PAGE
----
GlaxoSmithKline has said it would stop paying doctors for the promotion of its products and tying compensation of sales representatives to the number of prescriptions doctors wrote, The New York Times reports.
The company also plans to stop payments to healthcare professionals for attending medical conferences by the start of 2016, the report said.
The move comes following a major bribery investigation in China, where, according to authorities, the biggest drugmaker in the UK stood accused of making corrupt payments to doctors and officials to boost its drug sales.
The company has been accused by Chinese police of funnelling up to 3 billion yuan to travel agencies to facilitate bribes for boosting its drug sales. The accusations are the most serious, made against a multinational in China in years.
According to Andrew Witty, Glaxo's chief executive, the proposed changes were not related to the investigation in China, but formed part of an effort to stay in step with how the world was changing.
He said, the company recognised it had an important role to play in providing doctors with information about its medicines, but this needed to be done clearly, transparently and without any perception of conflict of interest.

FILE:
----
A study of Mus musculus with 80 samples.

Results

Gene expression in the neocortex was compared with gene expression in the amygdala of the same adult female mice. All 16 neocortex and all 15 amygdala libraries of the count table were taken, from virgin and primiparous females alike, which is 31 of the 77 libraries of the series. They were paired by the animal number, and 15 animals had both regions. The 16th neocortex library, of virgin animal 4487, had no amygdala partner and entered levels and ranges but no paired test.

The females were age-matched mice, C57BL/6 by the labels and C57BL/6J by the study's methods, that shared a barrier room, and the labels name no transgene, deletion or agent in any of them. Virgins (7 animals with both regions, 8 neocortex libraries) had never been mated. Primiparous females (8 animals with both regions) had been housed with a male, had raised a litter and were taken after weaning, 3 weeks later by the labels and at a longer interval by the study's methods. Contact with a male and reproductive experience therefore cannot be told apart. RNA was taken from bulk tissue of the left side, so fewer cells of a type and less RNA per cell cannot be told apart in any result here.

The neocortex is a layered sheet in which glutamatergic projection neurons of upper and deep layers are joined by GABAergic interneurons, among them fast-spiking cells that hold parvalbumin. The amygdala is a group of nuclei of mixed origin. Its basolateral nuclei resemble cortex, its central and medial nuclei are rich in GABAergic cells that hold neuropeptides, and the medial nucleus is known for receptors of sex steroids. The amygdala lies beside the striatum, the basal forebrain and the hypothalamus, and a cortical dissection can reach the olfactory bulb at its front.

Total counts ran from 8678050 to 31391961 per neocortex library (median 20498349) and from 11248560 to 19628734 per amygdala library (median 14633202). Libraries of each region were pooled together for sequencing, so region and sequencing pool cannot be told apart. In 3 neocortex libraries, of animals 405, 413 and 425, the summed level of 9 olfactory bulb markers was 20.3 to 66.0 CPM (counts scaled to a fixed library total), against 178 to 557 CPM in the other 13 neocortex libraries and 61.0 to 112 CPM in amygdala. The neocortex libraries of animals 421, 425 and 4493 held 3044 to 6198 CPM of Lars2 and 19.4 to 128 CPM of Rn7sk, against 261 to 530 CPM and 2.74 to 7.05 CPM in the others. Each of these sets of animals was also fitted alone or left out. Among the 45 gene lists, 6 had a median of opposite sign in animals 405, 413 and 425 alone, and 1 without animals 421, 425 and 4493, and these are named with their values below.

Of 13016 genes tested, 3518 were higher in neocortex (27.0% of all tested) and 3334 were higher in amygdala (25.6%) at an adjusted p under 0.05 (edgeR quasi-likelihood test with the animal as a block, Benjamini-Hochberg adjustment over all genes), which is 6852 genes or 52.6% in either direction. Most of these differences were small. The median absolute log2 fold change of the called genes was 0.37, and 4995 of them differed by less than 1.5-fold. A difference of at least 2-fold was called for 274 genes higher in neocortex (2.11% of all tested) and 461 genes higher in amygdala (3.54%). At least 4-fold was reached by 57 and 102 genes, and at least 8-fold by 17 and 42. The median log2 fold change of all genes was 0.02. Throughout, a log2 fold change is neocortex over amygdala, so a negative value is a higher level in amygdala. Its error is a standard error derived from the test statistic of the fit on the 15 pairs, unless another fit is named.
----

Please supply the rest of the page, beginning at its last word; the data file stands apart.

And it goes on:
The move was welcomed by Harvard professor Dr Jerry Avorn, one of the most vocal critics of the practice.
He told The New York Times, that it came as a modest acknowledgement of the fact that learning from a doctor who was paid by a drug company to give a talk about its products was not the best way for doctors to learn about those products.
The company, last year, had to pay a record $3 billion in fines for resolving charges of drugs being marketed for unapproved uses.
A number of other major pharma companies had settled similar cases, and it could be expected that others would follow the company's lead as all payments to doctors would need to be made public next year under the requirements of Obamacare.
Meanwhile, moneycontrol.com quoted Yogesh Radke, head of Quantitative Research, Edelweiss Securities, as saying that long-term investors would stand to benefit from holding on to GlaxoSmithKline (GSK) Pharma stock even after the London-listed parent company announced a voluntary open offer to hike its share to 75 per cent in the Indian subsidiary.
According to Radke, there were several stocks that had performed well post their open offers and so, one could build a portfolio of such stocks.